FTC’s Ring Settlement Shows Why Companies Don’t Respect User Privacy

Consumers who wonder why companies don't respect user privacy should look to the FTC's settlement with Ring as Exhibit A....
FTC’s Ring Settlement Shows Why Companies Don’t Respect User Privacy
Written by Staff
  • Consumers who wonder why companies don’t respect user privacy should look to the FTC’s settlement with Ring as Exhibit A.

    For those that don’t remember, Ring made a slew of privacy missteps that involved abysmal security, hacked cameras, and selling identifiable customer data to third-party companies. In some instances, strangers used hacked cameras to talk to children in customers’ homes. What’s more, there have been instances of Ring employees improperly accessing user videos.

    Predictably, the company faced legal action as a result of its negligence, with the FTC announcing a settlement. In a decision that is sure to disappoint many customers, the FTC settled with Ring for a paltry $5.8 million.

    Interestingly, the FTC lays out the scope of Ring’s negligence in a blog post, saying the company “gave its employees and hundreds of Ukraine-based third-party contractors up-close-and-personal video access into customers’ bedrooms, their kids’ bedrooms, and other highly personal spaces – including the ability to download, view, and share those videos at will.”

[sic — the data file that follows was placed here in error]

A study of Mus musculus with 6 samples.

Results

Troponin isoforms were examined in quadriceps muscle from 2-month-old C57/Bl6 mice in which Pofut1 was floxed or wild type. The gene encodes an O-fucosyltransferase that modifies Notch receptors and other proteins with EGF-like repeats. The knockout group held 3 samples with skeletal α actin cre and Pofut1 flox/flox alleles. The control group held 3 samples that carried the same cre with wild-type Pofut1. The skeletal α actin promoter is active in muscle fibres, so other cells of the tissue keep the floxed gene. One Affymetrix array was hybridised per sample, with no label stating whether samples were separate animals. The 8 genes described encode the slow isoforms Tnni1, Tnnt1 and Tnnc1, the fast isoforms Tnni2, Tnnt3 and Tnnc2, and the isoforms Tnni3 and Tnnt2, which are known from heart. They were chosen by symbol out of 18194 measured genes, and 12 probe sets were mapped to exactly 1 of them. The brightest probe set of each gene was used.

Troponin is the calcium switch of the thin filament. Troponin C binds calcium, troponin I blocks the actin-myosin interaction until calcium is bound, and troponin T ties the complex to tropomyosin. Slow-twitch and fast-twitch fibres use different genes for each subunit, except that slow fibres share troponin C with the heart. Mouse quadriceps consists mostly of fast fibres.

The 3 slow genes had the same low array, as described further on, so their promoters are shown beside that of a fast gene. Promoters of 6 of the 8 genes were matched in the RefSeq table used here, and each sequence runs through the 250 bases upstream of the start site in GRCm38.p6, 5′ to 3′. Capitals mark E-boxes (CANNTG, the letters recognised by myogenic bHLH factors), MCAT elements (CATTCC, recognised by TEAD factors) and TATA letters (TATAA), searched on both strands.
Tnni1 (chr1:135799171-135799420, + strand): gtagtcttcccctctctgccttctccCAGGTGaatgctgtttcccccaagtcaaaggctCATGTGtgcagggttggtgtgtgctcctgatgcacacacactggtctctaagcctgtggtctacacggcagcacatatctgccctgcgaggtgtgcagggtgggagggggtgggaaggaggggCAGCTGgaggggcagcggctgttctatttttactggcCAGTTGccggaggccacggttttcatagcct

The FTC outlined more of the real-world consequences:

    How serious was the invasion of consumers’ privacy? In many cases, bad actors took advantage of the camera’s two-way communication functionality to harass and threaten people whose rooms were monitored by Ring cameras, including kids and older adults. Describing their experiences as terrifying and traumatizing, customers reported numerous instances of menacing behavior emanating from voices invading the sanctity of their homes via Ring:

    • An 87-year old woman in an assisted living facility was sexually propositioned and physically threatened;
    • Several kids were the object of hackers’ racist slurs;
    • A teenager was sexually propositioned;
    • Hackers cursed at women in the privacy of their bedrooms;
    • A hacker threatened a family with physical harm if they didn’t pay a ransom in Bitcoin; and
    • A hacker told a customer they had killed the person’s mother and issued the bone-chilling warning “Tonight you die.”

    One Ring employee put it this way: “Unwittingly, we aid and abet those [hackers] who breached the data by not having any mitigations in place.”

    After outlining the scope of Ring’s misbehavior, it’s no doubt hard for many to fathom how the settlement could come in at a mere $5.8 million, a sum that is less than a drop in the buck for Ring and its parent company, Amazon.

    Until regulators get serious about protecting user privacy by making it too expensive for companies to abuse it, be ready for far more Ring-like scenarios.